WASHINGTON — U.S. Army officials overseeing long-range weaponry are urging their counterparts in Europe to link artillery capabilities with those of NATO members, as the war in Ukraine highlights the importance of the weapon.

The push comes amid a growing belief that defending the alliance rests in large part on interoperability among friendly militaries. In the case of field artillery, that means synchronizing weapons and sensors of weapons of different countries so they can engage targets as one force.

Maj. Gen. Stephen Maranian, commanding general of the U.S. Army’s 56th Artillery Command in Germany, said he and his staff have been fanning out to allies in Europe to gauge their plans and capabilities when it comes to fires, and what obstacles exist to netting the systems for greater combat punch.

“What we’re seeing from watching what’s happening to our east is fires formations are very relevant in 2022 and in the future,” the said this week at the annual convention of the Association of the United States Army in Washington. As a result, he added, nations want to invest in modernized artillery.

Russia’s war against Ukraine has featured long-range fires as key element of combat since 2014, when Moscow’s forces established a front line in the Donbas region following the annexation of Crimea. The full-scale invasion in February 2022 saw Russia throw even more of the weapons at the front lines.

Western countries, in turn, have supported Ukraine with limited amounts of their own weapons, including HIMARS and M777 howitzers from the U.S., CAESAR guns from France, the self-propelled Krab from Poland and Panzerhaubitze 2000 from Germany and the Netherlands. Weapon stocks in Europe are low, however, and most nations have said they are sending only what they can spare while maintaining a credible national defense.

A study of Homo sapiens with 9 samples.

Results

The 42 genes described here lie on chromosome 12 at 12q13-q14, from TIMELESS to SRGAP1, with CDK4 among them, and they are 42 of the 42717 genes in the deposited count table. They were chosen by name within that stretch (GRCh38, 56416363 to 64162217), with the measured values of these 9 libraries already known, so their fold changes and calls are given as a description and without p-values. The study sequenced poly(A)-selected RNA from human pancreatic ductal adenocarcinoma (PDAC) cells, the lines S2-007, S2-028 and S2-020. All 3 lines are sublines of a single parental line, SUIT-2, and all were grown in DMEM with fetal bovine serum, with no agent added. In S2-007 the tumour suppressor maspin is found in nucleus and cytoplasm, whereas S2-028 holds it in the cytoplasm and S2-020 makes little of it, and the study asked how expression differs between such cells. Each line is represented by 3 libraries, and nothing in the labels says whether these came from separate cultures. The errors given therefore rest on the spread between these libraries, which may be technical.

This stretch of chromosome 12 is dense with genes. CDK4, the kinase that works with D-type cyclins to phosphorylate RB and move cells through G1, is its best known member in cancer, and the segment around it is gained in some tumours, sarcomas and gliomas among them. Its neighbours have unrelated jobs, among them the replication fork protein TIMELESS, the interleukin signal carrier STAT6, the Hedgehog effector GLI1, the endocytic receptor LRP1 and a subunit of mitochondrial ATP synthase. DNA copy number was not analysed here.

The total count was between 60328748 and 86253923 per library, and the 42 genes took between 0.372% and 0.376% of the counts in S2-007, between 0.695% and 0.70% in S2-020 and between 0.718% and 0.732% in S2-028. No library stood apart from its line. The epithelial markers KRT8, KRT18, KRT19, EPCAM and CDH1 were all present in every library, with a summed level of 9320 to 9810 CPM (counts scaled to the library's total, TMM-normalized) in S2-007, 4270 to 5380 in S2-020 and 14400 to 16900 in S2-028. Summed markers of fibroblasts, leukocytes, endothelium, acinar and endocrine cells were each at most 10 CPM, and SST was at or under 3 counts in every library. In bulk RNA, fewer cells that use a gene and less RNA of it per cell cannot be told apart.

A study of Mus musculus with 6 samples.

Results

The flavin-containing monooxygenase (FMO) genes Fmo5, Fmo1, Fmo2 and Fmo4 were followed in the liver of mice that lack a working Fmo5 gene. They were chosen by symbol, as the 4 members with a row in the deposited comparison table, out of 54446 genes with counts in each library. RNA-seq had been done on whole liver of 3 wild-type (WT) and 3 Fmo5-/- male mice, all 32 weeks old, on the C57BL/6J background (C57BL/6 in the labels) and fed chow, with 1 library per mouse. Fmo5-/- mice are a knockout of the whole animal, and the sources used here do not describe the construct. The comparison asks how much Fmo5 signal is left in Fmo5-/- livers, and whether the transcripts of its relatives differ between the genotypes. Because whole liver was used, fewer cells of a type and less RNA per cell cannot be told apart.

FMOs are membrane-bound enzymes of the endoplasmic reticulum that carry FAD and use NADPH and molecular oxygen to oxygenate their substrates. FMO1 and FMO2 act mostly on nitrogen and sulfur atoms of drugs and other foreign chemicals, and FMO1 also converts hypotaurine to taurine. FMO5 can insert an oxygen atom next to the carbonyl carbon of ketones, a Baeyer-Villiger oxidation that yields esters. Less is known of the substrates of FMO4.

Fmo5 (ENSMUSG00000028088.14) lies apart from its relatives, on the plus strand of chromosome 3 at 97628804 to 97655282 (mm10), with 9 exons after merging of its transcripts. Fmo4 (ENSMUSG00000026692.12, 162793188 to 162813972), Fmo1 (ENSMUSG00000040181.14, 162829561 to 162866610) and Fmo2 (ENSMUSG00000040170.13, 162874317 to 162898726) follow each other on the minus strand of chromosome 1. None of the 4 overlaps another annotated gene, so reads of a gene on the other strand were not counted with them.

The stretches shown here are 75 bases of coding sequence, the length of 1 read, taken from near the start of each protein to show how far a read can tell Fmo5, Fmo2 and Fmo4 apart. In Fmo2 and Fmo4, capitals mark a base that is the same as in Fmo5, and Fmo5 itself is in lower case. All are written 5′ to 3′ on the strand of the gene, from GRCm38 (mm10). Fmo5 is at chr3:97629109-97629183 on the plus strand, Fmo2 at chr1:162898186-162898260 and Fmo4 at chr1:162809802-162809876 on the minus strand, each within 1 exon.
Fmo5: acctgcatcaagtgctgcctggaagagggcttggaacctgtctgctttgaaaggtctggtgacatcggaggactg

Maranian said U.S. Army officials are piggy-backing on the service’s exercise campaign in Europe to test new concepts for linking artillery forces. At this year’s iteration of the Dynamic Front drill in July, for example, participants put on a “proof of principle” to that end at the Grafenwöhr training area in Germany, he said. The event paired a U.S. artillery brigade with a multinational fires brigade comprised of 11 nations, with NATO’s Allied Rapid Reaction Corps providing command and control.

“We were able to validate the concept that you could put together formations of smaller donations from countries that don’t necessarily have a whole battalion or brigade to give,” Maranian said.

The idea now is to see how neighboring nations – ideally with the same equipment, but not necessarily – decide to form regional clusters of linked artillery on the continent, he explained. Suitable groupings could be in Scandinavia, the Baltics and the nations of south-eastern Europe, for example.

“I think that’s the way ahead: to be able to optimize the artillery that does exist in the alliance as we modernize,” said Maranian.

Sebastian Sprenger is associate editor for Europe at Defense News, reporting on the state of the defense market in the region, and on U.S.-Europe cooperation and multi-national investments in defense and global security. Previously he served as managing editor for Defense News. He is based in Cologne, Germany.